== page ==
Suffragette, Falcon Heavy, and Frankenkilt: February’s Words in the News
Posted by Collins Language @ Tuesday 27 February 2018
This February marked 100 years since the passing of the Representation of the People Act, which gave some women the right to vote in the United Kingdom. While not the universal suffrage that they had been campaigning for, this anniversary drew renewed attention to the Suffragettes and their long, historic struggle for equal voting rights.
In case there are any people who secretly want to know why the word suffragette sounds like it’s related to the word suffer, the similarity is coincidental. Both words ultimately come from Latin, and both contain the prefix sub-, meaning “under”, but suffer is a combination of sub- and ferre “to bear” (and so means “to bear under” or “endure”), while suffrage comes from Latin suffragium, itself from suffrage, “to lend support for”. This Latin verb possibly comes from sub- and frago, which may mean something like “bump” or “rock”.
The etymology is disputed, but in any case, the original meaning of suffragium was “a prayer in supplication for or on behalf of someone else”. It doesn’t seem to have acquired its “democratic” sense until after the fall of the Roman Empire. And suffragette, of course, combines suffrage with the (originally French) suffix -ette, denoting a feminine version of something (as opposed to a smaller version of something, as in cigarette).
While commemorating the Suffragettes is a blast from the past, February also brought a blast (off) to the future in Falcon Heavy, a partially reusable rocket successfully launched by Elon Musk’s firm SpaceX. SpaceX is a private company whose eventual goal is to provide commercial travel into space, as well as other futuristic astro-endeavours such as asteroid mining.
Of course, one can’t just send a rocket up to space with no cargo, so Falcon Heavy’s payload was Musk’s own Tesla Roadster, the world’s first green sports car, which is now orbiting the earth. And when I say “green”, I mean it is entirely electric. The paint job is clearly red.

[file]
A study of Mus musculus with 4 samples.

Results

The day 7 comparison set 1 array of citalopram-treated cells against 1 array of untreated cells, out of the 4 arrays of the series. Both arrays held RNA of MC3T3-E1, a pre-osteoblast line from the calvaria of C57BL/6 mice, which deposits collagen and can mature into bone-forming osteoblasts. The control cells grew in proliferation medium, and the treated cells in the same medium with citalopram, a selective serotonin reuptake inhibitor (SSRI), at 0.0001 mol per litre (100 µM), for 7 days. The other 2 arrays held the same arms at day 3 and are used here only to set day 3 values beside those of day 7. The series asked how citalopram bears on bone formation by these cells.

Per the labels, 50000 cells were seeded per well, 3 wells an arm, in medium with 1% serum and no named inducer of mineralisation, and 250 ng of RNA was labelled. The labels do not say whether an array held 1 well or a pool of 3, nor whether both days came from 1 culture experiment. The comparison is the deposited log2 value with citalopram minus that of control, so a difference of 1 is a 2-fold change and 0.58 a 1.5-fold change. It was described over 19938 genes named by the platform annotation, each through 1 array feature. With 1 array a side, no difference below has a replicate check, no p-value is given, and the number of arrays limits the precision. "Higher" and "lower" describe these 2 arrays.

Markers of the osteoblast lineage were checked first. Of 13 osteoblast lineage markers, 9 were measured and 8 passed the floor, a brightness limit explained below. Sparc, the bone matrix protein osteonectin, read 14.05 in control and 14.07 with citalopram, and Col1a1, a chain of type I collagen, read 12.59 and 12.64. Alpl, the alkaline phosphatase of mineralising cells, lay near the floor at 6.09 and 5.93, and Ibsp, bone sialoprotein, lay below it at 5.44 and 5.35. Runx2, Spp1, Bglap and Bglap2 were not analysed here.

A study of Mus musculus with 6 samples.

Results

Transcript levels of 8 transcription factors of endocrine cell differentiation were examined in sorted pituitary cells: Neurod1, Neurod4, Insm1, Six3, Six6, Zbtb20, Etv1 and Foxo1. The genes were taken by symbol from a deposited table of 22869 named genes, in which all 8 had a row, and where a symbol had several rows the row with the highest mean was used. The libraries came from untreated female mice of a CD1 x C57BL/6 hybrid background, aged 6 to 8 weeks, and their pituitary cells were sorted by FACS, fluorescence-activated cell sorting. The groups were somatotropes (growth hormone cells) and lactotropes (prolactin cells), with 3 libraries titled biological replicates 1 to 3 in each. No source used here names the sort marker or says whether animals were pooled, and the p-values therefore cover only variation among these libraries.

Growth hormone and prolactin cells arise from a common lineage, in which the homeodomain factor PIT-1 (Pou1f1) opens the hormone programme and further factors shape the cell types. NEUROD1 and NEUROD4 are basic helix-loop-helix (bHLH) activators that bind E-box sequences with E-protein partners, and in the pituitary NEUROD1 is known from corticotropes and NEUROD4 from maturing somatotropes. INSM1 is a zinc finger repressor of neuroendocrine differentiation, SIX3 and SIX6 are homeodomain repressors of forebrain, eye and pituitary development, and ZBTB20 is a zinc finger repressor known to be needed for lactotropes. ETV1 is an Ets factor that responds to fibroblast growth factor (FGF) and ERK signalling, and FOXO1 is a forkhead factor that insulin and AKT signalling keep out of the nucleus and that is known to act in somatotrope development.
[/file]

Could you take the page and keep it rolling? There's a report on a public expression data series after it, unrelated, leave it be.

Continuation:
Now, I write about a lot of words in this blog, but my favourite words to discuss are words I never expected to exist at all, like Frankenkilt. February brought us another London Fashion Week, which was notable for many things (including the attendance of the Queen), but my personal favourite bit of fashion news is the rise (or expected rise) of skirts made from various pieces of tartan, cut up and sewn together, dubbed the Frankenkilt.
This moniker is clearly a reference to Frankenstein’s famous fictional monster, which the mad scientist made by sewing together pieces of various human corpses, though I expect the skirt is far less frightening and more chic.
But that was not the month’s big closer. After a blast from the past and a blast off to the future, February finished with an icy blast of freezing winds, bringing snow and travel warnings to the UK. This polar vortex was dubbed The Beast from the East by the media, and delivered one (hopefully) last spell of wintry, sub-zero temperatures before we finally break into Spring.
By Robert Groves
Robert Groves is an American writer, lexicographer, and new-word enthusiast.
All opinions expressed on this blog are those of the individual writers, and do not necessarily reflect the opinions or policies of Collins, or its parent company, HarperCollins.